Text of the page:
What is here:
Below is a provisional collection of links for sites, books, and projects related to timelines or data visualization, or that have in some other way influenced the shape and focus of today's workshop.
Selected quotations from the Smith, Myers, and Rosenberg and Grafton PDFs:
Rosenberg and Grafton, "Time in Print," from Cartographies of Time.
"Our idea of time is so wrapped up with the line that taking them apart seems virtually impossible" (13).
"The key problem in chronographics, it turned out, was not how to design more complex visual schemes--the approach of many would-be innovators in the seventeenth century--but, rather, how to simplify, how to create a visual scheme to clearly communicate the uniformity, directionality, and irreversibility of historical time" (19).
"The visual simplicity of Minard's diagram is paradigmatic--as is the numbing pathos of its articulation across the space of the Russian winter. At the same time, through color, angle, and shape, Minard's chart marks the centrality of the idea of reversal in the thinking and telling of history" (23).
Smith, "Time and Qualitative Time," from Rhetoric and Kairos.
"By contrast, the term kairos points to a qualitative character of time, to the special position an event or action occupies in a series, to a season when something appropriately happens that cannot happen just at “any time,” but only at that time, to a time that marks an opportunity which may not recur. The question especially relevant to kairos is "When?" "At what time?" Hence, kairos, or the "right time," as the term is often translated, involves ordinality or the conception of a special temporal position, such that what happens or might happen at "that time" and its significance are wholly dependent on an ordinal place in the sequences and intersections of events" (47).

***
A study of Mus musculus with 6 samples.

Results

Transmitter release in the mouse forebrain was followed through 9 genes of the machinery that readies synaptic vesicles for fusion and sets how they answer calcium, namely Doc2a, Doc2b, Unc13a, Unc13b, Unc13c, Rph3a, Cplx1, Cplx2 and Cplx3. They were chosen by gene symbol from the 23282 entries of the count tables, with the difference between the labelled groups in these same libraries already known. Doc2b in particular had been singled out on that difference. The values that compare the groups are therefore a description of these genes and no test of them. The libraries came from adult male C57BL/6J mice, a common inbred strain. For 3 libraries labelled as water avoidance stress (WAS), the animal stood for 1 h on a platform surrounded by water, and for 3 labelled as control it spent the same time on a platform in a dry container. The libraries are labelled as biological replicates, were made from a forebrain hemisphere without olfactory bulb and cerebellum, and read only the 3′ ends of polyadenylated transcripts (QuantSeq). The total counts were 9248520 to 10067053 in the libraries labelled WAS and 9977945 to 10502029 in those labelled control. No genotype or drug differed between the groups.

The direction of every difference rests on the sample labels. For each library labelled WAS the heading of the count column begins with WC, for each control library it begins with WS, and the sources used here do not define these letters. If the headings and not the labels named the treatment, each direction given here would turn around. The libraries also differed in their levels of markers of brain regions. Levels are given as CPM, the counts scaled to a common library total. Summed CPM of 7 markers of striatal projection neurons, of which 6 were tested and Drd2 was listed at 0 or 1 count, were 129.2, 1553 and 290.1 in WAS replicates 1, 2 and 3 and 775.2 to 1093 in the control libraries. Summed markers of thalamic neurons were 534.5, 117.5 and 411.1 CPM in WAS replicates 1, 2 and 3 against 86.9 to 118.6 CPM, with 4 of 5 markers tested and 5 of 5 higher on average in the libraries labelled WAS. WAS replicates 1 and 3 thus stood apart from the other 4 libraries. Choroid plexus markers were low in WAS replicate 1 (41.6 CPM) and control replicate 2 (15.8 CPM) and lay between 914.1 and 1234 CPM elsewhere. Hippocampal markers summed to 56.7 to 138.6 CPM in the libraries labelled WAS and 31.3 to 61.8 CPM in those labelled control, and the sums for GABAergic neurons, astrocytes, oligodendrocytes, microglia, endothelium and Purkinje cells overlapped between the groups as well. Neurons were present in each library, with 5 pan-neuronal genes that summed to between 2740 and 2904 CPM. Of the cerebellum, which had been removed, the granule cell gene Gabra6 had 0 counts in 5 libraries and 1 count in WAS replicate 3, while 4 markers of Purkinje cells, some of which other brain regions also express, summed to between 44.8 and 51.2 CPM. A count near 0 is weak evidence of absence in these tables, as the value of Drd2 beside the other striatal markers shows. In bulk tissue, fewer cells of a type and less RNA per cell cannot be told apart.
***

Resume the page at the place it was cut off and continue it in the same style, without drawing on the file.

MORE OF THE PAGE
"Too much attention to the singularity of the temporal occasion can have the effect of obscuring enduring principles and truths" (56).
Myers, "Metanoia and the Transformation of Opportunity," from Rhetoric Society Quarterly, 41.1.
"Kairos and metanoia, most simply stated, represent opportunity and regret. But when metanoia is brought out of the conceptual shadows, "opportunity" and "regret" begin to expand rapidly" (2).
"Although the elements of repentance, regret, reflection, and transformation are always present in the concept of metanoia to some degree, the experience can range in scale from the transformation of the soul to the rephrasing of a statement. Metanoia means afterthought (from meta meaning "after" or "beyond" and nous meaning "mind"), one that is fueled by feelings of repentance or regret" (7).
"Metanoia relies on kairos in that metanoia cannot be established unless a choice has been made or an action taken" (10).
"Kairos and metanoia, when approached as a learning process, create a vast realm of opportunity/inopportunity in which moments seized or missed can lead to transformations of mind and heart" (12).
With regard to the broader frame of "Interrogating Big Data" and if time allows, let's take a look at another project that uses Google Motion Charts to interact with a sample of word frequencies from College Composition and Communication. I think of this as an animated index, and it operates in a chronographic frame similar to Timeline JS. To access the installation along with framing slides from a recent conference presentation, visit http://tagline.derekmueller.net/cccc/2020-00.html.